No to incineration
SIR – Incineration of household waste is not a green option (Mrs Saint-Leitner s letter Comet April 23), and is strongly opposed by environmental groups including Friends of the Earth and Greenpeace because it: Perpetuates Climate Change by releasing as C
SIR - Incineration of household waste is not a green option (Mrs Saint-Leitner's letter Comet April 23), and is strongly opposed by environmental groups including Friends of the Earth and Greenpeace because it:
Perpetuates Climate Change by releasing as CO2 the carbon trapped in the plastics and organic matter. Recycling and waste minimisation saves four times more greenhouse gas emissions than incineration with 'energy recovery'. The energy recovered from burning the waste is far less than went into making the materials that are burnt; furthermore plastic is a fossil fuel. The claim that the Vienna incinerator 'saved 956,000 tonnes of CO2' is just plain wrong, because it ignores all the CO2 produced in making the plastic and other materials incinerated and it destroys valuable materials that could be recycled into new products. Recycling saves far more energy than is created by burning waste as it avoids having to make products from virgin materials.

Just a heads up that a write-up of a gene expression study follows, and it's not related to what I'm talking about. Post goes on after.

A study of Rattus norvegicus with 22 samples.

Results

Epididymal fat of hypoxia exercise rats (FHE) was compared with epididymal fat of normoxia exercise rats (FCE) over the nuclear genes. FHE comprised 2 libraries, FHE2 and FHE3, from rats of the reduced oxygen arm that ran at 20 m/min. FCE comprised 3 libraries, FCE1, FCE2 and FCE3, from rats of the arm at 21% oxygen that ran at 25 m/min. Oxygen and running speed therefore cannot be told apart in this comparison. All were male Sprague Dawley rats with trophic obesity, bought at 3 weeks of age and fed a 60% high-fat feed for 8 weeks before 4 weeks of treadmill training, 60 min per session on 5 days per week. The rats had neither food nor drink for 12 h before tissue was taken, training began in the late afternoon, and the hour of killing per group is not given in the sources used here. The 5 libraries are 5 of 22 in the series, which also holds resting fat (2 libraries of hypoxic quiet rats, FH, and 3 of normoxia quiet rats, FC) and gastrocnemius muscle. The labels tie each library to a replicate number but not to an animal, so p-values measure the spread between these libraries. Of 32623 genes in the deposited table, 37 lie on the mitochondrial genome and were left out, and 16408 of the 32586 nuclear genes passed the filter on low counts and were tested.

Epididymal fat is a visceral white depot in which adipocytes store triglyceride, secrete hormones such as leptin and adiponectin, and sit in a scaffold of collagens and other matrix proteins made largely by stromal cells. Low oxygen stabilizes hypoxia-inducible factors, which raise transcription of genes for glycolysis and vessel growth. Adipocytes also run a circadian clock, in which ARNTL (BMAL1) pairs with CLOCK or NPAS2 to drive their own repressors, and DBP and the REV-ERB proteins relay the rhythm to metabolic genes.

It does not provide an incentive for reducing waste, because incinerators need a minimum amount of rubbish to operate efficiently. Contracts for incinerators tend to be for 25-30 years, and they stop high rates of recycling because they need the paper and plastics to burn.
It also causes pollution, often in already polluted areas. There are a number of health concerns associated with both air emissions from incinerators and the solid waste (ash) that is produced.